New Goldman Sachs chief executive David Solomon has long championed gender equality on Wall Street, publicly pushing banks to employ more women, particularly in leadership positions, the vast majority of which are still currently filled by men. It likely came as no coincidence that just a week after Solomon was named the bank’s next CEO, Goldman appointed four women to its highly-influential management committee, nearly doubling female representation on its most senior governing body. Less than a week on the job, Solomon is now taking aim at the junior ranks.
Back in March, Solomon and then-CEO Lloyd Blankfein set a goal of having an even gender split of college graduate hires by 2021. Speaking at Fortune’s Most Powerful Women Summit this week, Solomon provided more details around how that goal would be realized.
He said that, of the tens of thousands of investment banking applications Goldman receives each year, between 12,000 and 15,000 are deemed to be qualified candidates. Of that group, around 8,000 will be men and 4,000 will be women, he said. “If the recruiting process lets it go on its own way – lets the historical biases come in – you wind up with something that looks like two-thirds [men] and one-third [women]” in terms of hires, Solomon said. “But if you actually say: let’s go get the 150 best women out of the 4,000 qualified women and let’s take the 150 best men [out of the 8,000 qualified men], you wind up in a different place. And that’s…changed the perspective of allowing people to just gravitate to some of the biases that are built into the system.”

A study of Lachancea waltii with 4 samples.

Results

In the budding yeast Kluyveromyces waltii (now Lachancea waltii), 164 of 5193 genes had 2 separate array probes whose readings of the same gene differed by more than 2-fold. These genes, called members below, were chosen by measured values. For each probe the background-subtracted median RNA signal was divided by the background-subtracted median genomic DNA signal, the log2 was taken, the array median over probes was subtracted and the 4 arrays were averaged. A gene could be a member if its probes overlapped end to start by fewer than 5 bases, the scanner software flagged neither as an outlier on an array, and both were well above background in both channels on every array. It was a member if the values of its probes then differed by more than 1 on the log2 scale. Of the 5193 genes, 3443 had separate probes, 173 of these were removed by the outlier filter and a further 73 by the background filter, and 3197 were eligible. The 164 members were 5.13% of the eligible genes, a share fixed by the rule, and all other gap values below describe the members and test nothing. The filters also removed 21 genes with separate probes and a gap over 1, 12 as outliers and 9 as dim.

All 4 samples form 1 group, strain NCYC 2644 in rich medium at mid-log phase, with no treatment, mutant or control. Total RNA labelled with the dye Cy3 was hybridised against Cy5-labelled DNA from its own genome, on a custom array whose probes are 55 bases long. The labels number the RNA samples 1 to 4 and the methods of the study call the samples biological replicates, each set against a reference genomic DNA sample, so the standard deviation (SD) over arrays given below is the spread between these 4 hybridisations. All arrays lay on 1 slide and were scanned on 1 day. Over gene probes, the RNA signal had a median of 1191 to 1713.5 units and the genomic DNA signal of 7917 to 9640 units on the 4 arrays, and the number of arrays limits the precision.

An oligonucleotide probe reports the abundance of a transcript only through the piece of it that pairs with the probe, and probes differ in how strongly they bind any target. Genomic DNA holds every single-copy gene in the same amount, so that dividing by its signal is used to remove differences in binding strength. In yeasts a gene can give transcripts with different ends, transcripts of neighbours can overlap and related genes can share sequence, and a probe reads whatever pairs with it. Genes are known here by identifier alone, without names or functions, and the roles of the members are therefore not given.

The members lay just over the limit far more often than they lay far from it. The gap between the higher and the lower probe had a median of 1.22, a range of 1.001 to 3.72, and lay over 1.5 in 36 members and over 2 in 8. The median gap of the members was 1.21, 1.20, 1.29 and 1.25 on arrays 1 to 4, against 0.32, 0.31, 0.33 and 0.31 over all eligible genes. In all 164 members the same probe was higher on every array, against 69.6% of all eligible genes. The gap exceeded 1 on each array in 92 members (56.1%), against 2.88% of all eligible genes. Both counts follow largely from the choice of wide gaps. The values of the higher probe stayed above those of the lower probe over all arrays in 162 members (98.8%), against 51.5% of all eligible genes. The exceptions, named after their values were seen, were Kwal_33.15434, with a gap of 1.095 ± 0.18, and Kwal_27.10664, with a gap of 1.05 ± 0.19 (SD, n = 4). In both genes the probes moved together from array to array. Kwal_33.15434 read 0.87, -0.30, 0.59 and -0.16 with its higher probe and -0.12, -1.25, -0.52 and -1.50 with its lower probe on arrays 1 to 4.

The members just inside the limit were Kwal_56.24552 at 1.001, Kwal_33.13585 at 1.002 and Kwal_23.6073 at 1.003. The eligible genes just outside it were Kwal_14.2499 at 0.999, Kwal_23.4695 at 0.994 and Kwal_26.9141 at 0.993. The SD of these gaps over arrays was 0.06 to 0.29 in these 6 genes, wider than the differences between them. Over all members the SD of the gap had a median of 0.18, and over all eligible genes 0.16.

The comments are particularly interesting due to Solomon’s unique level of frankness and specificity. Every bank has gender goals, but most executives talk about increasing diversity by expanding and leveling the recruiting pool, rather than coming out and stating directly that they’ll hire a larger percentage of female applicants – even if that is a more realistic way of hitting short-term targets. Solomon also acknowledged that gender bias in the hiring process remains a reality through a “system” that also perpetrates Goldman Sachs. Again, bank executives tend to talk about diversity issues as an industry problem. Solomon appears to be suggesting that, if senior leadership didn’t step in, historical biases would have likely wormed their way into Goldman’s hiring process.
None of these thoughts are necessarily groundbreaking – there is plenty of research to back up the reality of gender diversity issues in banking. But, if nothing else, they showcase Solomon’s personality and leadership style: direct and expressive. “When you want to make changes, sometimes you have to just get simple and practical to what will move the needle,” he said. Providing what appears to be a hiring mandate rather than a goal is certainly one way to do that.
Elsewhere, the now-head of cross-asset strategy at Morgan Stanley proved there are a number of ways to get noticed by a potential employer. Sifting through resumes back in 2004, hiring manager Gregory Peters came across Andrew Sheets, who worked as a cartoonist at Brown University’s student newspaper. It was his finance-related drawings that helped him stand out from the pack.
"I thought it was perfect," Peters, now a senior fund manager at PGIM Fixed Income, told the Financial Times. "He could take the most complex things going on in markets and turn them into these brilliant little cartoons." Sheets didn’t stop drawing once he got the job. The FT published several dozen outside of their paywall that paint an interesting picture of the last dozen years in finance.